Mother and Baby

24 weeks pregnant: advice, symptoms and what to expect

Your baby at 24 weeks

At twenty-four weeks pregnant, your baby’s little face is almost fully formed, your stomach is growing and there are plenty of other bodily changes taking places for both mum and baby. Find out about any symptoms you might have and everything else that is happening to you and your baby at 24 weeks pregnant.

How big is my baby at 24 weeks?

Your baby is growing fast - she's gained around four ounces in a week, putting her at around one and a third pounds. Almost a foot long now, your baby is about the same length as an ear of corn and will continue to put on about three to three and a half ounces a week until the birth.

What’s my baby doing at 24 weeks?

There are plenty of changes taking place for your baby this week. Her brain is growing, her taste buds are developing, and her body is filling out.

Your baby’s lungs are maturing every day and are beginning to produce a substance called surfactant, which helps to keep tiny air sacs in the lungs called alveoli open. She’ll even start practising breathing in the womb, moving her chest up and down and exhaling amniotic fluid.

While your baby’s skin is still thin and translucent, that will soon change: she’ll soon start to plump up, with much of the weight gained this week due to growing organs, muscles, bones and fat. The skin will become less see-through as fat deposits are made. 

Even though your baby is still tiny and developing, she has now reached a stage of potential viability, meaning she may be able to survive outside the womb if she’s born early. She would, of course, have to stay in a special neonatal ventilator, but after 24 weeks, her arrival would be registered as an official birth. 

6 common symptoms to look out for at 24 weeks pregnant:


Noticing that your wrists and fingers are feeling numb? It’s carpal tunnel syndrome, another confusing pregnancy symptom. The swelling you’ve noticed during pregnancy is responsible: it causes fluids to accumulate in your lower body during the day, and redistributes them around the rest of your body once you’re lying down, which puts pressure on the nerves that run through your wrists, and thus can cause pain, tingling, a sense of numbness or an ache in your hands, fingers and wrists. These symptoms will disappear once your baby’s born, but for now, try to shake your hands and wrists and to avoid sleeping on them at night.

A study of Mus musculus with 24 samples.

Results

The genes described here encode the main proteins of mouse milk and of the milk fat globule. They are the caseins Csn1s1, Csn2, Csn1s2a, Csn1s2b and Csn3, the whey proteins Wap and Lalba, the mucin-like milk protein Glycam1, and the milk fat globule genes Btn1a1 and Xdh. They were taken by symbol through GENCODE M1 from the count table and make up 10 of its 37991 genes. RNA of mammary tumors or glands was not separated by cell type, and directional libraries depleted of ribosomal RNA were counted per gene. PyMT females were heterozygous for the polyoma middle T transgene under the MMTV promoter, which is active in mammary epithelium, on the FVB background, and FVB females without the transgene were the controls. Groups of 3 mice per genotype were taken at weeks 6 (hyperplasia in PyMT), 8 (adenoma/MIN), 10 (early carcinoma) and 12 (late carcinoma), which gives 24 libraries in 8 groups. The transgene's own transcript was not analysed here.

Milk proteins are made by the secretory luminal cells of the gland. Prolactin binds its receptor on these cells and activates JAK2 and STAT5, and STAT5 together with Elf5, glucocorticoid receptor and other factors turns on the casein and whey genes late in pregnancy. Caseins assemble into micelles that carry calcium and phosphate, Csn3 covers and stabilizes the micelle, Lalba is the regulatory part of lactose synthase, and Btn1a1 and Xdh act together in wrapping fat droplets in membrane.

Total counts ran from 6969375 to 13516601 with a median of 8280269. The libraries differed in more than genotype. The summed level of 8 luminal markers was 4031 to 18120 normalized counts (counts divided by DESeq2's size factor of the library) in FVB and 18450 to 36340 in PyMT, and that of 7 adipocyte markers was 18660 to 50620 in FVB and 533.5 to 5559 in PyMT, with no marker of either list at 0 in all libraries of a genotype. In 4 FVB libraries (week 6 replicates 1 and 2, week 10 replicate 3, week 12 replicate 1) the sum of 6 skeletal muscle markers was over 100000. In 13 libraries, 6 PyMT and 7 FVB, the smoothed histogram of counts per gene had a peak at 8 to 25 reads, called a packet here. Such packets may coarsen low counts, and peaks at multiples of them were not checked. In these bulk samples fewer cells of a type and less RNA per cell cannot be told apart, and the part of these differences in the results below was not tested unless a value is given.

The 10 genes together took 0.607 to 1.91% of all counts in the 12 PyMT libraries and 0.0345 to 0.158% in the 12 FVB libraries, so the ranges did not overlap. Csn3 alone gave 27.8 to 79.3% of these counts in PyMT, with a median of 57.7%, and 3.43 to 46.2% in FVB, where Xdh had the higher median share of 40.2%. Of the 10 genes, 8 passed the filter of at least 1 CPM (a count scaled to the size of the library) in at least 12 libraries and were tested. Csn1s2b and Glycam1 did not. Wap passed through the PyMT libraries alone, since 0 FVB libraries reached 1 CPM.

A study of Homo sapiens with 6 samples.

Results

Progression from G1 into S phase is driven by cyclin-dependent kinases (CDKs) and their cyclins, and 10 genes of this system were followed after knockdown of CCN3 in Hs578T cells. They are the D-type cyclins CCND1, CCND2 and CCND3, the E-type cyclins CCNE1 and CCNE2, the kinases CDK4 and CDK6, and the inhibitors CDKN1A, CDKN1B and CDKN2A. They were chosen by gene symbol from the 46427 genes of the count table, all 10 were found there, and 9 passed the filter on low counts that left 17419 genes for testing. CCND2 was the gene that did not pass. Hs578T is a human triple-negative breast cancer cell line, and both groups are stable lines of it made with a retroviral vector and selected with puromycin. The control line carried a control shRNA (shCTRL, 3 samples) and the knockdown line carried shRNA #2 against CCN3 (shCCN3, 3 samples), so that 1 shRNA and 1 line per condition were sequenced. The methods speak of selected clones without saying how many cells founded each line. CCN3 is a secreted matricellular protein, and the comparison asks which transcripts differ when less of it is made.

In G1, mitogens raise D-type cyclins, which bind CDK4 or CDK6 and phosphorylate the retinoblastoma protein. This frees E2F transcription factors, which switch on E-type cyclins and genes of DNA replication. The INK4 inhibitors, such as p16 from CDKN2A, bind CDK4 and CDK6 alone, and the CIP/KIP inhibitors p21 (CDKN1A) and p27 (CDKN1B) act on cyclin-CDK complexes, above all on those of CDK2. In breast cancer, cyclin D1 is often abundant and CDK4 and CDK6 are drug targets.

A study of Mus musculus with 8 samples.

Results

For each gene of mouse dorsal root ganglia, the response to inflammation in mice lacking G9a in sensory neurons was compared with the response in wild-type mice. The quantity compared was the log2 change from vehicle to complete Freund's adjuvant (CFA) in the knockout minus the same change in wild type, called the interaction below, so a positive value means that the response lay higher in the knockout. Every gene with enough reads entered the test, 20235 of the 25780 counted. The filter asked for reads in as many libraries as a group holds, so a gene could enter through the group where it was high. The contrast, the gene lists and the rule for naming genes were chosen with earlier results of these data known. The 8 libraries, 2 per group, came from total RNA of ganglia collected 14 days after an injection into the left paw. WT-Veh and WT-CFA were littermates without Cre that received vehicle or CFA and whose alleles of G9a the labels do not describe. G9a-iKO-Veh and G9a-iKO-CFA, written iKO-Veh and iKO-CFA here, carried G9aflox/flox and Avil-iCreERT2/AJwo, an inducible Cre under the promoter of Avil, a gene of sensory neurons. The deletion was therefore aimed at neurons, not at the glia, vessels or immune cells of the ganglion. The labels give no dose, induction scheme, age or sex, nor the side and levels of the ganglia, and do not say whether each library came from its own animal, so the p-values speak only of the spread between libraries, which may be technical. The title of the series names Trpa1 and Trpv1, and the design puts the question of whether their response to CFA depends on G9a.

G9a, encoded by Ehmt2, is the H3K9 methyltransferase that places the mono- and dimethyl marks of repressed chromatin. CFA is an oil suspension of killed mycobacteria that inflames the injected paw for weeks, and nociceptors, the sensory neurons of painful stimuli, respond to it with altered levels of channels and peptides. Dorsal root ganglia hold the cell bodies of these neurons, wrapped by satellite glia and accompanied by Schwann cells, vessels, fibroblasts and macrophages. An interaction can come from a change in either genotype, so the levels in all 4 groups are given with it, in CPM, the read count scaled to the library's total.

Known as palmar erythema, your palms and the bottom of your feet may turn itchy and red. This is due to an increase of oestrogen and increased blood volume. Stay away from irritants like harsh soaps, and seek relief by applying cold water or ice to your palms or feet.

You also may be experiencing the joy of haemorrhoids, or piles, which are essentially varicose veins in your bottom. Like the veins in your legs, the ones in your bottom can stretch so that blood starts to collect in them, causing pain and swelling. The reason they’re so common in pregnancy is down to those pesky hormones, again – they can cause sluggish digestion and constipation, meaning you strain when you go to the loo, putting extra pressure on the veins around your bottom.  

Seeing double? Blame those pregnancy hormones again! They can decrease tear production, which increases fluid buildup in the eye, which can obscure your vision. Ask your GP for eye drops if your eyes feel dry, and don’t panic: these symptoms will go away once your baby is born.

The backache continues. It may even be getting worse as time passes. As your baby gets bigger, so does your uterus and this puts pressure against your spine adding to the strain and potentially making it more curved. Not to mention the extra baby weight!

That pesky dark line is likely to develop until labour. Moisturiser can't hurt and it should fade not long after birth.

Sadly these are likely to continue to occur right up until you give birth! Keep perserving with stretch mark/bump creams and moisturiser.

What is my body doing at 24 weeks pregnant?

As ever, your body’s changing week by week: by week 24, your uterus will be about the size of a football. It’s also time to take a glucose screening test - also known as a glucose challenge test or GCT - to check for gestational diabetes a high blood sugar condition that can affect pregnant women.

As we mentioned, you may be experiencing haemorrhoids or piles. You may notice itchy bumps around your anus and bright, red blood in the toilet bowl and on the loo paper. As unpleasant as they are, piles can be treated easily with haemorrhoid creams to numb the pain and itching, so book an appointment with your GP if you need advice.

What to do this week

  • Book a meeting with your manager: It’s time to tell your employer that you’re pregnant if they don't know already. This is known as the notification week, or the 15th week prior to the week your baby is due. You’ll probably have told your line manager before this point, especially if you’ve been taking time off for antenatal appointments, but in case you haven’t, now’s the time to mention it!

Your week 24 FAQ's answered: 

How big should my bump be at 24 weeks pregnant? 

At 24 weeks pregnant you can expect to have gained around 14 to 16 pounds.

How many months is 24 weeks pregnant? 

Learning how to do the pregnancy math can be complicated, but at 24 weeks pregnant, you're around five months and one week into your pregnancy.